Repealing the Mask Mandate
Today the vote I took on the Assembly floor was not about whether to wear or choose not to wear a mask, nor was it about following or not following science. Rather, my vote reflected following state law and the Wisconsin Constitution.
On March 12, 2020, Governor Evers issued Executive Order #72, declaring his first COVID-19 related public health emergency. The order expired on May 11, 2020. Whether you agreed or disagreed with Governor Evers shutting down the state in March, he had the authority.
Under State Statute 323.10: “If the governor determines that a public health emergency exists, he or she may issue an executive order declaring a state of emergency related to public health for the state or any portion of the state and may designate the department of health services as the lead state agency to respond to that emergency.” The Statute continues: “A state of emergency shall not exceed 60 days, unless the state of emergency is extended by joint resolution of the legislature [underline added].”
On July 30, 2020, Governor Evers issued Executive Order #82, declaring his 2nd COVID-19 related public health emergency. This time the emergency order included a mask wearing mandate beginning on August 1, 2020. Governor Evers again repeated the same COVID-19 mask mandates with Executive Order #90 (September 22, 2020), Executive Order #95 (November 20, 2020) and Executive Order #104 (January 19, 2021).
Currently, there is a case brought by private citizens pending in the Wisconsin Supreme Court (Fabick v. Evers) challenging the multiple emergency declarations issued by Governor Evers in response to COVID-19. According to The Wisconsin Institute for Law and Liberty (WILL); “Wisconsin law is clear that without express approval from the state legislature, the governor lacks the legal authority to extend an emergency declaration beyond 60 days.”
In order to address COVID-19 precautions, regulations, or mandates; chapter 227 of Wisconsin statutes provides procedures for the governor to implement administrative rules, subject to the approval of the Legislature. As Wisconsin Statute 227.19(1) states, “Article IV of the constitution of this state vests in the legislature the power to make laws, and thereby to establish agencies and to designate agency functions, budgets, and purpose.”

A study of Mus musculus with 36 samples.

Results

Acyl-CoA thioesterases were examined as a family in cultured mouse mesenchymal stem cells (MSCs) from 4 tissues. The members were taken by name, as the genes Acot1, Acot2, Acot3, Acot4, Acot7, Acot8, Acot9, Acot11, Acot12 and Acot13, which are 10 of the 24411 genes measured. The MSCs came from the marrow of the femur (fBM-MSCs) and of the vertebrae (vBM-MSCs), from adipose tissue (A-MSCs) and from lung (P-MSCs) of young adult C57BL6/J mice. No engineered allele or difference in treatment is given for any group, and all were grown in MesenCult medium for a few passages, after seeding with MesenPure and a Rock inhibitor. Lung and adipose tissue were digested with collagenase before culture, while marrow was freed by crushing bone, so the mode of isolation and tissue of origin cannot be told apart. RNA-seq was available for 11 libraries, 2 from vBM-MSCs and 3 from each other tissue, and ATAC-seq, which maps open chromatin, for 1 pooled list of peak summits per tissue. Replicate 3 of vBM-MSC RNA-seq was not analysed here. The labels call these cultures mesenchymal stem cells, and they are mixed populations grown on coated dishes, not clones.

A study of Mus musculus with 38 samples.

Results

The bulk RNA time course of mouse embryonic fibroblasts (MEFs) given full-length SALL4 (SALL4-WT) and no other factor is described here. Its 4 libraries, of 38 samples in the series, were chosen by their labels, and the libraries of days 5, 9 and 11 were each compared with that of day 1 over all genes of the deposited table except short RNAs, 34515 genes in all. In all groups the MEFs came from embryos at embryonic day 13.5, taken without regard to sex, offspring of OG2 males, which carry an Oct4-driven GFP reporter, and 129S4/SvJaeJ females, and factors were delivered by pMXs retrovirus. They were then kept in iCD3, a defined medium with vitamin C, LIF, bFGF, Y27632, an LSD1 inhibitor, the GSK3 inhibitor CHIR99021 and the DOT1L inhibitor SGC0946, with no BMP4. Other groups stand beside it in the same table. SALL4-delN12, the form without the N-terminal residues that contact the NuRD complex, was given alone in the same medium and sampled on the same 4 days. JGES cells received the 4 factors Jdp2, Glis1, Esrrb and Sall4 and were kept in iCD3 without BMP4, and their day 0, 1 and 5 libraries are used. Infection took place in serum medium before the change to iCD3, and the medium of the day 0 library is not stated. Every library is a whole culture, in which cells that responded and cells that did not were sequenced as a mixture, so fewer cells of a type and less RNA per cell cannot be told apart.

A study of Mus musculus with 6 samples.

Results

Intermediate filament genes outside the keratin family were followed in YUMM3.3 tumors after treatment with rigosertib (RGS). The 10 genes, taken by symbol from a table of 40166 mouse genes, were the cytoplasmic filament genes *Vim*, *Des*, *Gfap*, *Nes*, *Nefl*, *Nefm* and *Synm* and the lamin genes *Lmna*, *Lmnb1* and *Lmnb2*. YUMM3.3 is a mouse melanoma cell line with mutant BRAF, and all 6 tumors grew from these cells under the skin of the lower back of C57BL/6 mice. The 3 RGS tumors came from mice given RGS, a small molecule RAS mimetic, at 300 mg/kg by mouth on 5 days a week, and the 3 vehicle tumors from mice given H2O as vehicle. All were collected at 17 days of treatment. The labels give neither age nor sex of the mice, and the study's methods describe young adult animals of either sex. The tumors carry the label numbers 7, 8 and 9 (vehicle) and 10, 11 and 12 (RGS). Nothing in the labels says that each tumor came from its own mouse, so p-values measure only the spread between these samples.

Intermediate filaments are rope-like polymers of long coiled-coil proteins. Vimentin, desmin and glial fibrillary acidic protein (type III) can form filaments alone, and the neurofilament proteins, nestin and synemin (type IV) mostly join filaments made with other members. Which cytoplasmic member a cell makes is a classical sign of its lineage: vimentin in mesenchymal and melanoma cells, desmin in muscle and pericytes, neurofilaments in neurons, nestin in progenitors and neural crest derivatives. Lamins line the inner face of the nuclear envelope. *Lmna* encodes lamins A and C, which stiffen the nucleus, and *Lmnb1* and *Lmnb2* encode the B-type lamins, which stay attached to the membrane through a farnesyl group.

Governor Evers has been extended ample time and opportunity to sit at the table and work with the legislature. But the governor has not done so. Ramifications of Governor Evers’ refusal to follow state law are twofold.
First, his action of a mask mandate has no enforcement. How many times have you read or heard where local law officials have publicly stated they will not enforce his mask mandate? How many people do you know that have been cited and/or fined for being in violation of these orders?
Lack of enforcement deems the governor’s executive orders to wear masks as not being a mandate but actually an advisory. Effectively, his advisory has shifted power away from local officials who do have the ability to enforce a mask mandate.
According to State Statute 252.03(2): “Local health officers may do what is reasonable and necessary for the prevention and suppression of disease; may forbid public gatherings when deemed necessary to control outbreaks or epidemics and shall advise the department of measures taken.”
Secondly, the governor has been using his executive orders to capture federal Supplemental Nutrition Assistance Program (SNAP) funding via the United States Department of Agriculture (USDA). The approximately $50 million per month enhanced FoodShare funding, which supports 242,000 individuals and families in response to COVID-19, is based on Wisconsin having an active state of emergency.
If the Wisconsin Supreme Court rules in the Fabick v. Evers case that Governor Evers overstepped his executive authority in issuing multiple emergency orders on the same issue, the enhanced federal funding tied to that illegal emergency order would be suspended. Additionally, the federal government could claw back the $450 million already distributed to Wisconsinites.
In order to protect the federal assistance program which feeds Wisconsin’s poor as well as the state’s displaced workforce, the legislature amended Assembly Bill 1 (the COVID-19 Relief Bill) allowing the governor to issue an executive order only if the receipt of allotments requires an active state-declared emergency or disaster. As of the writing of this newsletter, the governor has not taken action on Assembly Bill 1.
Wisconsin state law does not allow the legislature to introduce rules for adoption. Only a governor or their agencies may do that action. Therefore prior to taking the vote on the repeal of Executive Order 104, I joined 58 of my Republican Assembly colleagues in signing a letter to Governor Evers asking him to change his go-it-alone course and work within the established system to legally enact rules for approval by the legislature that will keep vulnerable Wisconsinites safe.
Legally, an executive order declaring a state of emergency can be revoked through a Legislative Joint Resolution. By instituting Senate Joint Resolution 3, we keep the executive office from overstepping its constitutional power, thus adhering to the Wisconsin Constitution’s provision of checks and balances.
My voting yes does not mean I believe COVID-19 has passed. Nor does it mean that I do not acknowledge COVID-19’s serious impact. Irrespective of our vote, local governments are legally allowed to impose their own mandates and even without mandates; businesses, schools, or local officials can request their patrons wear masks as they have prior to the mandate ever being issued.